Robert Backus, a 40-year-old salesman for Schireson Bros, Inc., dba Volutone, filed two Applications, alleging that on 12/13/17 and during the period commencing 1/13/17 through 1/13/18, he sustained injury arising out of and occurring in the course of employment to his low back and lower extremities. The claims were denied by the employer.
Backus testified at the trial and the matter was continued for further testimony. At the next hearing, he testified and Rossana Harris was called as witness by defendant. The trial was continued and at the third hearing no additional exhibits were offered and there was no testimony; the matter was submitted for decision
The WCJ found that Robert Backus did not sustain injury arising out of and occurring in the course of employment to his low back and lower extremities; and Ordered that he take nothing by way of his injury claim.
The WCAB denied his Petition for Reconsideration in the panel decision of Robert Backus v Schireson Bros, Inc. – ADJ11847265-ADJ11741978 (June 2022).
Backus contended on Reconsideration that the reports from QME Allen Fonseca, M.D., were not properly considered regarding the issue of injury AOE/COE, that the reports from Dr. Fonseca are substantial evidence, that the decision was based on a “partial and unsubstantial record,” that his “unimpeached and uncontradicted” testimony must be accepted as substantial evidence, and that the record should be further developed.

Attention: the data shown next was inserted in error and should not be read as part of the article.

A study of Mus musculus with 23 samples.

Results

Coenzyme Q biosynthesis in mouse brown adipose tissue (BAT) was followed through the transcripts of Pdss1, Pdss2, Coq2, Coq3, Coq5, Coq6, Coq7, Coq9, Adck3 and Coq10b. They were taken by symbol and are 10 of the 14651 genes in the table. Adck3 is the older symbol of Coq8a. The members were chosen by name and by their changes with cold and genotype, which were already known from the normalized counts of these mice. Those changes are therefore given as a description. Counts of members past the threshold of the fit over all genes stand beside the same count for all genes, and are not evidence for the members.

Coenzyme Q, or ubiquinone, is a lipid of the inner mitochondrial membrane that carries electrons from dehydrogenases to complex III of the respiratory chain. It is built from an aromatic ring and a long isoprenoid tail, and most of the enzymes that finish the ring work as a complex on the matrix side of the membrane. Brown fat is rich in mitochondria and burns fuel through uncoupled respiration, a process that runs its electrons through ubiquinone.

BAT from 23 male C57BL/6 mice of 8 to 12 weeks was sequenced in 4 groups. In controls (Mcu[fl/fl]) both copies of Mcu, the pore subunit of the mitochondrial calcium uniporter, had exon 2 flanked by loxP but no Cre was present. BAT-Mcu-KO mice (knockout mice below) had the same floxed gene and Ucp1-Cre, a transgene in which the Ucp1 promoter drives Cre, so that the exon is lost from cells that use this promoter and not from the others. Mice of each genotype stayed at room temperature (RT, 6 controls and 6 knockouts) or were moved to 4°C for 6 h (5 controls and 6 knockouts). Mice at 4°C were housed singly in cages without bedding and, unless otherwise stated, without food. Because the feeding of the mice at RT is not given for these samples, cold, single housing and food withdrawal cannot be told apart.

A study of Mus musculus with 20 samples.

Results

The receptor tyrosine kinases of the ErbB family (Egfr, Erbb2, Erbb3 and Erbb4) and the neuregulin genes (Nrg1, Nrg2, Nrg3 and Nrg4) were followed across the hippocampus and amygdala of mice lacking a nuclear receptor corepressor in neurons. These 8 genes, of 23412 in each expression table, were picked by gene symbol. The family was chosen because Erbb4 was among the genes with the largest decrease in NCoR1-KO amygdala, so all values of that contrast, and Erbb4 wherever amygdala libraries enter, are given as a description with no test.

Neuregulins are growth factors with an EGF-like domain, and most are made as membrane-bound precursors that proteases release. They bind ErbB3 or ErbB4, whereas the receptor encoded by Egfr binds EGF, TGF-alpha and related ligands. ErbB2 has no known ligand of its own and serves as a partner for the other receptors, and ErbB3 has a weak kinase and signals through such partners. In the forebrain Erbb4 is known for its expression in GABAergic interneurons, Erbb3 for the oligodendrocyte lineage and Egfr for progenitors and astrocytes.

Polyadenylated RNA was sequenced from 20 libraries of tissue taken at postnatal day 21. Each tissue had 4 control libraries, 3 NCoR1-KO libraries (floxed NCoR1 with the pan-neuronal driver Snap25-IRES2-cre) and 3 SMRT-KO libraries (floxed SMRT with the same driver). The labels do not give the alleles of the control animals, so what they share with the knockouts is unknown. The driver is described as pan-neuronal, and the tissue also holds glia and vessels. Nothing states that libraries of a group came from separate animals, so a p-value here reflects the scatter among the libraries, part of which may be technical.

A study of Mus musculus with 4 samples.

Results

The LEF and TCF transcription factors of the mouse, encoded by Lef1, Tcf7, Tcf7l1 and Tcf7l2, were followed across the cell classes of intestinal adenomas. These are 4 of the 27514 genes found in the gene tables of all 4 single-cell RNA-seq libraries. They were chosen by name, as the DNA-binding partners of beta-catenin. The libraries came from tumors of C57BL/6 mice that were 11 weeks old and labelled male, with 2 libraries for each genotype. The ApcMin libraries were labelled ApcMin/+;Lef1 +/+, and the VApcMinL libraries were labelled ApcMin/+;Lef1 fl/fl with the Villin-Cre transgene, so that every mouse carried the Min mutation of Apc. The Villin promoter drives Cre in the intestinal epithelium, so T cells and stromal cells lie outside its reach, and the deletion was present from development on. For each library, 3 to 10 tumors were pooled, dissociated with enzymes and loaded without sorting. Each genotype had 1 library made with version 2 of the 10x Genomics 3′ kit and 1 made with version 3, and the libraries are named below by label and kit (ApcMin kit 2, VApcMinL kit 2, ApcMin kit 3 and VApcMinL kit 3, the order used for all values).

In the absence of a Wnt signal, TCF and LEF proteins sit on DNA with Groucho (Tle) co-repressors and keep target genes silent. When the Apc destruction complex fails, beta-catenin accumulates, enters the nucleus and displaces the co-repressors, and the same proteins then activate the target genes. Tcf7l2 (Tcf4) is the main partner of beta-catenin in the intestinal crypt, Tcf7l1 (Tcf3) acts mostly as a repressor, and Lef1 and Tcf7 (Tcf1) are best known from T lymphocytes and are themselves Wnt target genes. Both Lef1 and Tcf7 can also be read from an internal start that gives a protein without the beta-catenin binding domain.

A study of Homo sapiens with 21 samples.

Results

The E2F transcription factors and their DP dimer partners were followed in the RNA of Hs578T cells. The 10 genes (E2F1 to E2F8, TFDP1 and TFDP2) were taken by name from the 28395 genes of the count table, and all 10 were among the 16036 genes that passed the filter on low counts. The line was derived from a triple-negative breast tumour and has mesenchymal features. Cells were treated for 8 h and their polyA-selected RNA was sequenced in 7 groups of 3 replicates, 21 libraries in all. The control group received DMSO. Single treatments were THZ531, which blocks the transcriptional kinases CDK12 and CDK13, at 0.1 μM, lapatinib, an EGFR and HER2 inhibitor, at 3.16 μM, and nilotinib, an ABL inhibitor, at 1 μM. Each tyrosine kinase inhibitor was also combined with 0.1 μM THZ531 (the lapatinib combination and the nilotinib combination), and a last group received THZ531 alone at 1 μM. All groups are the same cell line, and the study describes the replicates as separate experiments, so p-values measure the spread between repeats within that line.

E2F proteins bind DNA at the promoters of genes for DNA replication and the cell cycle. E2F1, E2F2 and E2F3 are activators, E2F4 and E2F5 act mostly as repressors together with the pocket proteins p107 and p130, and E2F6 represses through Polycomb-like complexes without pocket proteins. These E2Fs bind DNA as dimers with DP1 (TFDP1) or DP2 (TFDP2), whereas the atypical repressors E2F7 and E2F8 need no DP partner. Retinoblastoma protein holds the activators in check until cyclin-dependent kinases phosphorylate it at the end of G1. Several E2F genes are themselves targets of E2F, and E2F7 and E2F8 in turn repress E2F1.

Both the Panel and the WCJ noted that regarding applicant’s “unimpeached and uncontradicted” testimony, the WCJ stated in the Report, Backus, ”had highly questionable credibility due to the fact that he failed to disclose his prior back injury to either examining physician” … “and initially denied such injury under oath until confronted with the records of same.” The WCJ also noted that applicant’s testimony, “was in fact rebutted by Defense witness Rossana Harris.”
The Panel cited numerous authorities for the proposition that “It is well established that a WCJ’s opinions regarding witness credibility are entitled to great weight.”
The Panel went on to say that “most of applicant’s arguments are premised on his contention that the WCJ erred by not considering the reports from QME Dr. Fonseca.” However after having “reviewed the entire trial record, it is clear that the WCJ is correct; the trial record contains no reports from Dr. Fonseca.”
As to the issue of whether the record should be further developed, the panel said “applicant is correct that the Appeals Board has the discretionary authority to develop the record when the record does not contain substantial evidence pertaining to a threshold issue.”
Citing numerous case authorities, and referring to footnote 2 of the WCJ Report, the panel went on to say “if a party fails to meet its burden of proof by failing to introduce competent evidence, it is not the job of the Appeals Board to rescue that party by ordering the record to be developed.”